Proprietary Data Insights
Financial Pros’ Top Agricultural ETF Searches in the Last Month
Financial Pros Top Agricultural ETF
The expiration of the Russia/Ukraine wheat deal put agriculture back in the news.
While wheat futures rose, the reaction was noticeably mild…which got us thinking…
This week, we looked into the top agricultural ETF searches by financial pros.
At the head of the list is Invesco’s DB Agriculture Fund (DBA).
If you’re not all that familiar with it or the other funds on our list, you’ll quickly understand why these aren’t great investment products.
Key Facts About DBA
Right off the bat, you’ll notice that DBA doesn’t show any holdings. This isn’t technically true.
DBA, like the other ETFs on our list, holds futures contracts – leveraged instruments tied to the spot price of the commodity with an expiration date.
The fund owns a combination of commodity futures from sugar to cotton, with treasury bonds to back up their futures holdings.
Funds must roll futures positions as their holdings expire, like option contracts.
Typically, that means selling their current month’s expiration at once price and buying the next expiration at a higher price.
Over time, this erodes the net asset value of the fund.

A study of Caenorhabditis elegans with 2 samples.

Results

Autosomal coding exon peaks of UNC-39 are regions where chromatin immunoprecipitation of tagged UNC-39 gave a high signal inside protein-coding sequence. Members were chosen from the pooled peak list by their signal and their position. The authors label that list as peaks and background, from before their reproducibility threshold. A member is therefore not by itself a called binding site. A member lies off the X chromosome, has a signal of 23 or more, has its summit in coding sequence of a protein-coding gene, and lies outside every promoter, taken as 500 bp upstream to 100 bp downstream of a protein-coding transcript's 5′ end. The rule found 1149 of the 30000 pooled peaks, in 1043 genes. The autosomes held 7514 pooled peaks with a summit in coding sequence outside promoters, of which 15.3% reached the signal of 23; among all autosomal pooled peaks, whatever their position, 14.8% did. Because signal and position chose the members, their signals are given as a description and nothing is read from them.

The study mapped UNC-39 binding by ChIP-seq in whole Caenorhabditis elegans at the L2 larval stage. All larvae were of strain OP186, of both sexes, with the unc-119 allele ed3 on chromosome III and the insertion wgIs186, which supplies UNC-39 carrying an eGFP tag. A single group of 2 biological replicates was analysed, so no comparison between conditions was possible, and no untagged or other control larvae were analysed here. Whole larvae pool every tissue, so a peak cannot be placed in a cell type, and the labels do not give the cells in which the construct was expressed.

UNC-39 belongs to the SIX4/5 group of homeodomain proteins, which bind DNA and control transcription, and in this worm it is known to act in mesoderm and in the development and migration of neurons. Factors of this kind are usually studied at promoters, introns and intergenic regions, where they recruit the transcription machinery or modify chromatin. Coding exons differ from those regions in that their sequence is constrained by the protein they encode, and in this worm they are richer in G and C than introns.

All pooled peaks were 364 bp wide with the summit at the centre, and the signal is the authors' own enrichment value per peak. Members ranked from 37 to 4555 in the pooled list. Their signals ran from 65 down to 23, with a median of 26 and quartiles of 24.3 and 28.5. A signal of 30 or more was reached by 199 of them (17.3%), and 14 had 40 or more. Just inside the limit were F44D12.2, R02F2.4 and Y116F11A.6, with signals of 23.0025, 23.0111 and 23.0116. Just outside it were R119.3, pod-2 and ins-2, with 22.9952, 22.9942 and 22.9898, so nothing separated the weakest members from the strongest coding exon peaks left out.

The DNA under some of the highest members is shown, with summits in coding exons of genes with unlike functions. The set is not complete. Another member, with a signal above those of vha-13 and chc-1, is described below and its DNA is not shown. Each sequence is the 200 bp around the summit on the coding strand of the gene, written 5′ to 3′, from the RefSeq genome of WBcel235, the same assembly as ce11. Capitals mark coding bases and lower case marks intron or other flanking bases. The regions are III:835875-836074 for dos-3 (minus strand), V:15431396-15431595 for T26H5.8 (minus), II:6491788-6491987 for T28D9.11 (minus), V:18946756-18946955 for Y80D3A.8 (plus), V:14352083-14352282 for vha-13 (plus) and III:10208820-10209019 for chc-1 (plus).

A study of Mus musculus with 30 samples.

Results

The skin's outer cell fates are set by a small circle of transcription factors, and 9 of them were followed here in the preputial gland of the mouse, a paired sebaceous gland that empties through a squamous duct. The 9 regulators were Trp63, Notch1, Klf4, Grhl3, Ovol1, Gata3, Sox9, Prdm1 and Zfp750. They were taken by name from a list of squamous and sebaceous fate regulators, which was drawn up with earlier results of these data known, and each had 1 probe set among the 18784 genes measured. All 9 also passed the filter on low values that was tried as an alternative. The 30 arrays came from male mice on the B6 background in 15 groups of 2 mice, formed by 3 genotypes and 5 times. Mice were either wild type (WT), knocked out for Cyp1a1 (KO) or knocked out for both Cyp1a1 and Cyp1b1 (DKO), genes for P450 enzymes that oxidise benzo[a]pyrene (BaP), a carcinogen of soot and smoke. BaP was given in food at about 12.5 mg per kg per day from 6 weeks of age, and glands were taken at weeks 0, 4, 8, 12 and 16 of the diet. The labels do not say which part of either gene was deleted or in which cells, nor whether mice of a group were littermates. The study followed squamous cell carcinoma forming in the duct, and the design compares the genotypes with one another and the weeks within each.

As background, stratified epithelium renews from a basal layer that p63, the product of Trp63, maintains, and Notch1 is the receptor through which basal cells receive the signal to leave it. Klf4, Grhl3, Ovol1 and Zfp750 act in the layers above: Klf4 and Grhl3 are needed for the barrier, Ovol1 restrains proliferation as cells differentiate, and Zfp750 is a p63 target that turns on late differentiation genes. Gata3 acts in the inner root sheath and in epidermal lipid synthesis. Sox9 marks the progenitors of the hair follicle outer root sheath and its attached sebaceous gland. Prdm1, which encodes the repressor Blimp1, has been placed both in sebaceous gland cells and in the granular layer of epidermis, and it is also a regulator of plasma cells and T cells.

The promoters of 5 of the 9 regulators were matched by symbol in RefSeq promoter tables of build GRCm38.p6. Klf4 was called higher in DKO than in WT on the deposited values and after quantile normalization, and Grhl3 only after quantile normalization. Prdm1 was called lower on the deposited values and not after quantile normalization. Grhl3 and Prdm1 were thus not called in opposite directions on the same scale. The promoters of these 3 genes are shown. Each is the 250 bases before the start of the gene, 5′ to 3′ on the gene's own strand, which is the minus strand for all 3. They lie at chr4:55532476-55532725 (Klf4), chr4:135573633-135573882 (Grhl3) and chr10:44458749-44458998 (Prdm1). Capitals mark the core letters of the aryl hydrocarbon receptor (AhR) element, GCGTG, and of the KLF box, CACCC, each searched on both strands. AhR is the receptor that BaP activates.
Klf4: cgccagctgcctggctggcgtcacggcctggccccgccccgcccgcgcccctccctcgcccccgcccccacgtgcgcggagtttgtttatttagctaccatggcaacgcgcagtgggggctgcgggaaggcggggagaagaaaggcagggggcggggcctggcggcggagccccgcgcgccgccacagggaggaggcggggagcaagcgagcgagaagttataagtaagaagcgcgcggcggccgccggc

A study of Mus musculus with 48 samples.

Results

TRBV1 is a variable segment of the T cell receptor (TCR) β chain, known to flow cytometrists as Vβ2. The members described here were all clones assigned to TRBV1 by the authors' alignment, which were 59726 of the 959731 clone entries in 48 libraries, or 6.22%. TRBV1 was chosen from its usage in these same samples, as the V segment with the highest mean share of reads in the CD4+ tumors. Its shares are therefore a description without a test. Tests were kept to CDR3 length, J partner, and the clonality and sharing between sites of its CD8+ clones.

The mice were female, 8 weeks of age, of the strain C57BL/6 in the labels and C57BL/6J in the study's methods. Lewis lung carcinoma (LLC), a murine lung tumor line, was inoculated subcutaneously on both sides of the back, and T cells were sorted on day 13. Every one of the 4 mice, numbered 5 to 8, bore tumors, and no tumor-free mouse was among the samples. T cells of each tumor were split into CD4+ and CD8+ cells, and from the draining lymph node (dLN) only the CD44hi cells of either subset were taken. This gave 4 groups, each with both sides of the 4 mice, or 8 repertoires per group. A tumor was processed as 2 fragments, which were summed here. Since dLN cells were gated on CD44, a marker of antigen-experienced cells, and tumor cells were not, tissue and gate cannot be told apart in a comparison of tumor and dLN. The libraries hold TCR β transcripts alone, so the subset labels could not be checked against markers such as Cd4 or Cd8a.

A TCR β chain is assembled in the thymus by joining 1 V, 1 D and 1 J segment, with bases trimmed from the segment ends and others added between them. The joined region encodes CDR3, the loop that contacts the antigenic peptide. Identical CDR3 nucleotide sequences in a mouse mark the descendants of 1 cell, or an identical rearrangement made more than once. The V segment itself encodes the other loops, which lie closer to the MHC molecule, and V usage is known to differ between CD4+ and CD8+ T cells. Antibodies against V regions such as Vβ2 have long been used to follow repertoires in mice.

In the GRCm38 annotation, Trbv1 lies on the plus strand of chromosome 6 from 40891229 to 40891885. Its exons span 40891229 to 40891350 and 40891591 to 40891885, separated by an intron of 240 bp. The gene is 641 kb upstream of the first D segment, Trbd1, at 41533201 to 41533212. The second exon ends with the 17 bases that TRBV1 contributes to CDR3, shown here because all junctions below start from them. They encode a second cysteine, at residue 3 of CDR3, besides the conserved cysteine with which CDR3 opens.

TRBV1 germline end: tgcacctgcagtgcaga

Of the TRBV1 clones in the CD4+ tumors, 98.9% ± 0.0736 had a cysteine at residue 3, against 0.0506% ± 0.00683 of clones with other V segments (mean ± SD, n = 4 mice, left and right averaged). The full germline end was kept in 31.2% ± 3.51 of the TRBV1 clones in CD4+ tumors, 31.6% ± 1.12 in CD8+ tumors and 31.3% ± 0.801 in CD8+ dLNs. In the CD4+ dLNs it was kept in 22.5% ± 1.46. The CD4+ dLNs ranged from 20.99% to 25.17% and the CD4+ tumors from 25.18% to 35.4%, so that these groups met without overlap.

But for the short term, it’s a way to gain exposure to the price fluctuations of the commodity.
The DBA is one of the worst performing funds in our list, garnering an average return of just 3.21% over the last five years.
And over a decade, you’d have lost money.
That said, because of Covid and the commodity boom cycle, the last three years have been rather lucrative.
DBA is the only major broad-based agricultural fund. The others on our list were commodity-specific, all from Teucrium.
While all the funds use futures to track the price of the underlying commodity, some, like SOYB, are more expensive than others.
Generally speaking, liquidity on most of these ETFs is pretty low.
Our Opinion 2/10
We’re not a fan of using these ETFs to gain exposure to commodities.
While futures are the only direct way, over time, the roll will cost money.
Instead, we’d prefer to invest in companies that would benefit or suffer from the price changes in these commodities. While not as direct, it doesn’t have the built-in price erosion from futures contract rolls.